Backtrack 5: Linux & Mac Systems Vulnerable to Malicious Scripts Too
Ask almost any Linux or Mac user and they will tell you that they are much better protected against viruses and online threats. But is this really true?
Not necessarily so.
Sure, most malware writers target Windows based systems due to the large volume of potential targets. But, malicious executables and scripts work just as well against Linux and Mac systems.
I have recently been working on a video showing Backtrack 5 in action against a Windows 7 target and wondered, ‘How well would some of the same attacks work against a Mac or Linux system?’
So, I fired up Backtrack 5 in my lab and used it to create a test malicious website. The site serves up a backdoored java applet to a target machine when they connect to the page.
This is what the simulated target machine saw when it surfed to the website:
The target machine is an Ubuntu 11.04 machine, running Google Chrome, with the built in firewall enabled and an updated Anti-Virus program running. As you can see, the webpage is a bogus “message from the CEO” page and it instructs the user to run the Java popup. A real malicious page could look much more believable or could even be an exact clone of an existing site.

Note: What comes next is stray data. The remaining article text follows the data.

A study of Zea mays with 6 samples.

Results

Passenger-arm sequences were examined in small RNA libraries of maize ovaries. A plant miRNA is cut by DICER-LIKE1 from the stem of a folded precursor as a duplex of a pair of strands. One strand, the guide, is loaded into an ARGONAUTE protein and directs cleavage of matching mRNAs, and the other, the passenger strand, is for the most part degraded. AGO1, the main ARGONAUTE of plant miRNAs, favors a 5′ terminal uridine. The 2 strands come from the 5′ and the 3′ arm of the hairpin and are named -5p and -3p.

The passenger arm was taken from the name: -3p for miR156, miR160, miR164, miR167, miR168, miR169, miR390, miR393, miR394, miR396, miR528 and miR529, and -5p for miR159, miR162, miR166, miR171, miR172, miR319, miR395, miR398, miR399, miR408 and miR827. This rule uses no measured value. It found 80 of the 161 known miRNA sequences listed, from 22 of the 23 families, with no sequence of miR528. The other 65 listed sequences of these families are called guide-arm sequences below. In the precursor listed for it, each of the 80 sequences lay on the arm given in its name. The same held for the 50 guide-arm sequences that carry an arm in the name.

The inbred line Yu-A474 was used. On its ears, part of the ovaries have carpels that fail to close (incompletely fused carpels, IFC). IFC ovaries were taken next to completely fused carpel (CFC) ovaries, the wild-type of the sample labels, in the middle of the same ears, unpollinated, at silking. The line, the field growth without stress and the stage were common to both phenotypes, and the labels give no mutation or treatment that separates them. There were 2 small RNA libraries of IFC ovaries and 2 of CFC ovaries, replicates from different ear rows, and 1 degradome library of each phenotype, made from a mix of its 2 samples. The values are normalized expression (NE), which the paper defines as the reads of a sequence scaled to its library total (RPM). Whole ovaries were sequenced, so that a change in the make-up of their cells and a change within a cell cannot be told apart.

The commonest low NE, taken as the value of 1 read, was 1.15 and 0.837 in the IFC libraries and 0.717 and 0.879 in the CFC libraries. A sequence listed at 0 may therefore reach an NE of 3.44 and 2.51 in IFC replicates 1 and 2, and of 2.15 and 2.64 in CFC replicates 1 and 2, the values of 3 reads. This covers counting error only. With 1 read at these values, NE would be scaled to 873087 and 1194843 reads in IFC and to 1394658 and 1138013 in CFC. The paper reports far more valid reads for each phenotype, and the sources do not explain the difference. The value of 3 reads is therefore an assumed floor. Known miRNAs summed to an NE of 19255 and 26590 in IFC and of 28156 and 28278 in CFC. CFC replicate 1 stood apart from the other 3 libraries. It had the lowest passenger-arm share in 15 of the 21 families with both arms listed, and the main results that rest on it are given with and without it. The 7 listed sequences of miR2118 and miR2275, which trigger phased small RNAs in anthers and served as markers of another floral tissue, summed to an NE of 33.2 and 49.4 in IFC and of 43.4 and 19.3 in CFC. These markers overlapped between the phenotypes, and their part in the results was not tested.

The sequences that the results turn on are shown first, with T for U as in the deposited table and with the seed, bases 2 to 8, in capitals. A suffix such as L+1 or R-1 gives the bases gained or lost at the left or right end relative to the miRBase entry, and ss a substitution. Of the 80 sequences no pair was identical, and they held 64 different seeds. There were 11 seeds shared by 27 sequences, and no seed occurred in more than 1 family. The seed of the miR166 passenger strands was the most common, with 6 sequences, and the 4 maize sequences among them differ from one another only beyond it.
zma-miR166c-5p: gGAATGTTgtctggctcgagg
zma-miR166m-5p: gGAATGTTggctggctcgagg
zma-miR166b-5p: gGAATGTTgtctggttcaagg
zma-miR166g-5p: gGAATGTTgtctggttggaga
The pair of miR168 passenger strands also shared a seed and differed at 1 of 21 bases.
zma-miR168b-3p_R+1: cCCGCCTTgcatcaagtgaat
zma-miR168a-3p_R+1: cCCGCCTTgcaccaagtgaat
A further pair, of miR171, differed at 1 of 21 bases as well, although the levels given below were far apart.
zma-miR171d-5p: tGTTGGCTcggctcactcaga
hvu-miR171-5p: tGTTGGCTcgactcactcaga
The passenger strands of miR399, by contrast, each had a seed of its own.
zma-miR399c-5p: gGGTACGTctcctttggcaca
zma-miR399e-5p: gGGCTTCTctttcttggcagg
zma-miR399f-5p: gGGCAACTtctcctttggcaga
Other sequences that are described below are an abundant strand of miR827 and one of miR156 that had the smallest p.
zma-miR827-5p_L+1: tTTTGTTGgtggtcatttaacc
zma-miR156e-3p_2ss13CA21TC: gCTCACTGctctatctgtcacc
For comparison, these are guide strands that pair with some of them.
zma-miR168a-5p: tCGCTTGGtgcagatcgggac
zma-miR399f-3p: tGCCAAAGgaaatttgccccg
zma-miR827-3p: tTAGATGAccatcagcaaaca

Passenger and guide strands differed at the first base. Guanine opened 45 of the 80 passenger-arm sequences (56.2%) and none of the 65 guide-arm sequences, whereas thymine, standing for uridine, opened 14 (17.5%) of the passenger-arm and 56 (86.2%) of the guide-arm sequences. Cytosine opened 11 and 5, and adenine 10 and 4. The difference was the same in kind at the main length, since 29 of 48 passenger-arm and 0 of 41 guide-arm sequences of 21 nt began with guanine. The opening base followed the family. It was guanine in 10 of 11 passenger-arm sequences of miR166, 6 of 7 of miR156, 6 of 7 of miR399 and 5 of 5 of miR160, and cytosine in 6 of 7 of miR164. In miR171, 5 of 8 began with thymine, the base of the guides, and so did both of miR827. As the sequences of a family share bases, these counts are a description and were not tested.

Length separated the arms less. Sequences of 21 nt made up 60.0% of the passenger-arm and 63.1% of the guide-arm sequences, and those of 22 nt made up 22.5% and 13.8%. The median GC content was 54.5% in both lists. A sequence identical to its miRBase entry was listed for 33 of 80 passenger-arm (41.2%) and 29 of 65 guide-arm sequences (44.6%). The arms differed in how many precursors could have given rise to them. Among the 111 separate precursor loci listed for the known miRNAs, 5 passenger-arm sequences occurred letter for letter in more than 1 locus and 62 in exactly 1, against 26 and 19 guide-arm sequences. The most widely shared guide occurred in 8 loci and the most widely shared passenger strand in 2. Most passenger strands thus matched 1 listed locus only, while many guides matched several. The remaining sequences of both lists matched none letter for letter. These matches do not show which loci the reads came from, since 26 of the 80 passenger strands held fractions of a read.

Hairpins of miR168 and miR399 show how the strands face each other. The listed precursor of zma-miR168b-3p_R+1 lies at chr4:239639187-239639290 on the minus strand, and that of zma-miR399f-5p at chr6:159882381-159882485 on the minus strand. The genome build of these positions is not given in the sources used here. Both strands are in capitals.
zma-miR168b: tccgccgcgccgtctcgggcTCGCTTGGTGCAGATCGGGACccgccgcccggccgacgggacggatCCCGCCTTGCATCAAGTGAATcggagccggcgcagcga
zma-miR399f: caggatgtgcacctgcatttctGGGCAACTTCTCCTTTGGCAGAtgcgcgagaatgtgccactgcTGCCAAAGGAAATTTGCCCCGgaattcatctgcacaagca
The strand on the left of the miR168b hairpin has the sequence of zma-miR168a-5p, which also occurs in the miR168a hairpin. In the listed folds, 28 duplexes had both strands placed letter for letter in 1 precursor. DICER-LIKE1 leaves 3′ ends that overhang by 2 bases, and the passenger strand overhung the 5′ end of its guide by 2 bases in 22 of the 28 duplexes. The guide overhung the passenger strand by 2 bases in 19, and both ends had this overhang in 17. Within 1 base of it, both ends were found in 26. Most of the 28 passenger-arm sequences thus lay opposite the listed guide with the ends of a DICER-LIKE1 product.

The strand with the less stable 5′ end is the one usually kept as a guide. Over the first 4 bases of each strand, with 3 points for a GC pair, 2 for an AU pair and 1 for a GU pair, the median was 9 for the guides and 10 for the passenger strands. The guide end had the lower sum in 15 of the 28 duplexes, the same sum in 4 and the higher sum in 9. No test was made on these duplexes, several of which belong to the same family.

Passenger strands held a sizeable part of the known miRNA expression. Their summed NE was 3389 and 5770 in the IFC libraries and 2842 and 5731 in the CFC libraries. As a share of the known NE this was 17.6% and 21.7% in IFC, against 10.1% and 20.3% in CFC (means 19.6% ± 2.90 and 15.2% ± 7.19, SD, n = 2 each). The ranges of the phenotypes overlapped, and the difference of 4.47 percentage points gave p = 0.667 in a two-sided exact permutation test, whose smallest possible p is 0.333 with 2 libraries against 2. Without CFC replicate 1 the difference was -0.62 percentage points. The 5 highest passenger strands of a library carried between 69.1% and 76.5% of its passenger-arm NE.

When the user clicks “run”, a remote shell session (Session 1) is created on the Backtrack 5 machine as seen below:
And that is it. I now have read/write access to the Ubuntu host in the context of the logged in user. I ran a few Linux commands to verify the connection. Commands entered are highlighted by a white box:
I checked the Ubuntu version, the present user name and the user’s identity.
I then checked the disk space, surfed to the users document directory and viewed the contents of the file named “Test”:
And finally, checked the processes running on the remote system:
I do not have root access at this point, just user level access. But from here I could check the system for other vulnerabilities that could be exploited. Or if my goal was just to collect user data or documents, no further penetration is necessary.
Malicious scripts and executables are encoded and obfuscated to purposely bypass anti-virus programs. And once they are run on a target machine, Windows, Mac or Linux, they connect out through the firewall to the attacker machine. It is imperative to educate your users about these types of attacks and tell them to never allow programs to run from unknown websites or e-mails.
Running script blocking programs like “Noscript“, and disabling script capabilities in browsers really help against these types of attacks. But users with privileges can and will allow programs to run if they really think they need the program or gadget that the attacker is offering.
Finally, locking down what sites your users can connect out to and monitoring the traffic leaving your network is always a good idea in preventing or detecting these types of attacks.